NEW ORLEANS — One year ago, Florida and Louisville were six-win teams heading into their respective bowl games, desperately seeking a victory to end their seasons with winning records and hope for the future.
The No. 4 Gators and No. 22 Cardinals meet tonight with vastly improved teams, but a win in the Sugar Bowl still holds significance for both.
For Florida, a victory would complete the redemption process, particularly for a group of seniors that endured multiple coaching changes and down years and now want to be remembered as the group that brought the Gators back.
"It's real big," senior safety Josh Evans said. "You want to leave a winner. That's probably one of the biggest things for us is to come in as winners and leave as winners. We came in our freshman year going to the Sugar Bowl and finishing it, I could definitely say we've accomplished a lot to make a BCS bowl and finish as winners."
"It's very important to get the win for this senior group, and for this program in particular," senior nose tackle Omar Hunter added. "To be able to say you brought Florida back to the top before you left would be special."
For Louisville, a win could help prove the Cardinals are ready to compete among the nation's elite teams as they prepare to join the ACC in 2014.
"We have to have a good showing in this football game because we need to know exactly where we are," Louisville coach Charlie Strong said. "It's going to be a measuring stick for our program, and it's going to either show us how far behind we are or how much further we need to go. Our guys understand what's at stake."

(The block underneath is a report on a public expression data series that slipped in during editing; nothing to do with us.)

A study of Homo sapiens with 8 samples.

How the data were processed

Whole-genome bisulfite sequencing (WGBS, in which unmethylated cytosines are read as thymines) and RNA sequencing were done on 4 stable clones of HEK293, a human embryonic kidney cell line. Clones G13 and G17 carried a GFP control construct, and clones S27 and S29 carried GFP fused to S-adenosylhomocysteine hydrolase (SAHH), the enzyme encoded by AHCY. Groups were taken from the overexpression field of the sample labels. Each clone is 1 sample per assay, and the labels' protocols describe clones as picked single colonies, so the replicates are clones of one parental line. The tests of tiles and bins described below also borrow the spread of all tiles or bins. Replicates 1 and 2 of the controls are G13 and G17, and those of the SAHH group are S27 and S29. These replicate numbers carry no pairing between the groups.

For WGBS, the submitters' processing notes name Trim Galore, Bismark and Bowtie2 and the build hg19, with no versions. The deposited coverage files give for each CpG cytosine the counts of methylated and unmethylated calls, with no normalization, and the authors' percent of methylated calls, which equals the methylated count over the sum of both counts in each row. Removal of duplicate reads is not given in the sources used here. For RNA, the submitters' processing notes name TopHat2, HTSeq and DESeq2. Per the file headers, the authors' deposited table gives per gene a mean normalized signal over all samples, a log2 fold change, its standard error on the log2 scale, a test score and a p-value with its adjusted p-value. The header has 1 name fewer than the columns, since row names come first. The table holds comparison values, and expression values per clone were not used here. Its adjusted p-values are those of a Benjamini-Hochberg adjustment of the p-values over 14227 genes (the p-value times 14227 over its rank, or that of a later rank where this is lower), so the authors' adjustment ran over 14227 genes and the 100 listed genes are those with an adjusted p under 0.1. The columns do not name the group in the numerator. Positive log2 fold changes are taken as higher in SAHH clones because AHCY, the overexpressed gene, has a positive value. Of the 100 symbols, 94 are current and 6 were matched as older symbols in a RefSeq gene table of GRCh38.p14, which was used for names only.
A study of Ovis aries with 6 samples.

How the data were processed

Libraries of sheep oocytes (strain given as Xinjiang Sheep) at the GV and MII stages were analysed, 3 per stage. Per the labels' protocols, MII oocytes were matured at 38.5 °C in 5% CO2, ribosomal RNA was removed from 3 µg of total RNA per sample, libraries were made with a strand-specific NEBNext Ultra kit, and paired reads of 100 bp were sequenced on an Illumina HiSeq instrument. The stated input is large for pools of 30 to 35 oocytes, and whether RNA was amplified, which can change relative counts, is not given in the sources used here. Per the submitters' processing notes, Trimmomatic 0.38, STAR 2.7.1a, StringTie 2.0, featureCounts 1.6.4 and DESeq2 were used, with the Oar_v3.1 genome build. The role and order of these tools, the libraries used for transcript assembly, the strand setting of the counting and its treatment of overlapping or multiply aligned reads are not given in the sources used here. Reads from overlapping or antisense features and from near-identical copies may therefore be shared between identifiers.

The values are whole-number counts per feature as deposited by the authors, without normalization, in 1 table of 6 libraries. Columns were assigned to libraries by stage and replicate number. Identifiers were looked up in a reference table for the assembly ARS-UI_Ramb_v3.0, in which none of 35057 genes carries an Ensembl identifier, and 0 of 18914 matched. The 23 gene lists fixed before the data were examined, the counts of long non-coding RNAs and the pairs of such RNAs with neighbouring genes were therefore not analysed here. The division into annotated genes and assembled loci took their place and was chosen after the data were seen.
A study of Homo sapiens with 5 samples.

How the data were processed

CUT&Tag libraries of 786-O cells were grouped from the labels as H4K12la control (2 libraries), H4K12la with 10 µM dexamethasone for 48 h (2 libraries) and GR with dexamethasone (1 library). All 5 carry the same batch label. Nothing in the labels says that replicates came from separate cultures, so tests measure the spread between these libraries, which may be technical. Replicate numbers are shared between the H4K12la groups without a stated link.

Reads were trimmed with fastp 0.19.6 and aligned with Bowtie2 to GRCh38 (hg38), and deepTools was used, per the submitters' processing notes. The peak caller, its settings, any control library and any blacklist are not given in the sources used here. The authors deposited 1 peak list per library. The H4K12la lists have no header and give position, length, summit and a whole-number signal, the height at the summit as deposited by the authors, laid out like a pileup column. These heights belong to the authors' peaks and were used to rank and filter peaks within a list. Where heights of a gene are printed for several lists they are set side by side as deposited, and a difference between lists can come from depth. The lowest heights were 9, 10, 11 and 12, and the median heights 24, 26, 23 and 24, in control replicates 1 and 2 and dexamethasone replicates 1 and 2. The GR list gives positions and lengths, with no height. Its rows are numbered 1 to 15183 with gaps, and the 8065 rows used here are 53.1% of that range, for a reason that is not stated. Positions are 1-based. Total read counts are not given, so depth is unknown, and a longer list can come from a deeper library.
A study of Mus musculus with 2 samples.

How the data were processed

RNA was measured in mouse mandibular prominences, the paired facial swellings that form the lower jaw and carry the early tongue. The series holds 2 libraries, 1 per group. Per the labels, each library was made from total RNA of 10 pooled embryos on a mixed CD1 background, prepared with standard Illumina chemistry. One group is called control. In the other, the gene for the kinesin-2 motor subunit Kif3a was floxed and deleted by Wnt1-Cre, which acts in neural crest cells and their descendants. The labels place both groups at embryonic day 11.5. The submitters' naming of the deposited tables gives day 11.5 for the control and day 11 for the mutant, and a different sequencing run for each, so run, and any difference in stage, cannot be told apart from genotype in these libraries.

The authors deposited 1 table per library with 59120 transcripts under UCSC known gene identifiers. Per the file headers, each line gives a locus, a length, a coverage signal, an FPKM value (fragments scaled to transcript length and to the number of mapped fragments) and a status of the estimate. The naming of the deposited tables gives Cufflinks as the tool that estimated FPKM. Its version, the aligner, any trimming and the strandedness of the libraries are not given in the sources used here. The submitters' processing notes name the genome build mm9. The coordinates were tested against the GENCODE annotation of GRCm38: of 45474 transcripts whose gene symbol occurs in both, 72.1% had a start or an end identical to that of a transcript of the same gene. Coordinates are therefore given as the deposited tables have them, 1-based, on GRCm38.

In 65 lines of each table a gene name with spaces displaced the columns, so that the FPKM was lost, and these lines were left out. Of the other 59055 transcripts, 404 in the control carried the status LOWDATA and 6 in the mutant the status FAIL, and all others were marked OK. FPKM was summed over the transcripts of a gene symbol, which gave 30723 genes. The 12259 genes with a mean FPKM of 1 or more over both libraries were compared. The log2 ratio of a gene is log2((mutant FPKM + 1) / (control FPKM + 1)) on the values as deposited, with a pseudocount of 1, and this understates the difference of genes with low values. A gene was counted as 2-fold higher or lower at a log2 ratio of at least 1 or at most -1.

Louisville is in search of its first 11-win season since 2006 and its second BCS win.
"It's a great opportunity for us to just show how hard we've worked all year and to just display that we are a top team in the country," Louisville quarterback Teddy Bridgewater said.
The disappointment and regret for Florida over what might have been has been replaced by a strong desire to finish what is. Yes, the Gators admit, there are times they can't help but wonder if they would have been in the BCS title game if they hadn't lost to Georgia. And with an offense ranked, No. 101 in Division I-A (338.4 yards per game), the Gators still have a lot to prove. So anyone who thinks Florida isn't taking this game, or Louisville, seriously, doesn't know this team, coach Will Muschamp said.
"I think that's hogwash," he said when asked about the perception the Gators aren't fully into the game. "I don't think there's anything to that at all. I've seen a football team prepared in how they practiced … totally in tune with what we're trying to do. We're playing a good football team. The film speaks for itself. We have great respect for the opponent."
Strong is well aware of what a victory over a top-level SEC opponent can do for his rising program. But the Cardinals will have to earn the win against a Florida defense that is ranked No. 5 in Division I-A in total defense (283.4 yards per game).
While Louisville is a 14-point underdog, the Cardinals bring impressive credentials into the game. Bridgewater, the Big East offensive player of the year, has thrown for 3,452 yards and 25 touchdowns in an offense averaging 425 yards per game. Louisville leads I-A in red zone offense, scoring 96 percent of the time.
The Gators said regardless of what the oddsmakers say, they know a victory isn't automatic.
"It's not like we're going to just roll our hat out there and win," cornerback Marcus Roberson said. "We have to play. It's not going to be an easy game. They made it this far and that's a good team."
Antonya English can be reached at firstname.lastname@example.org.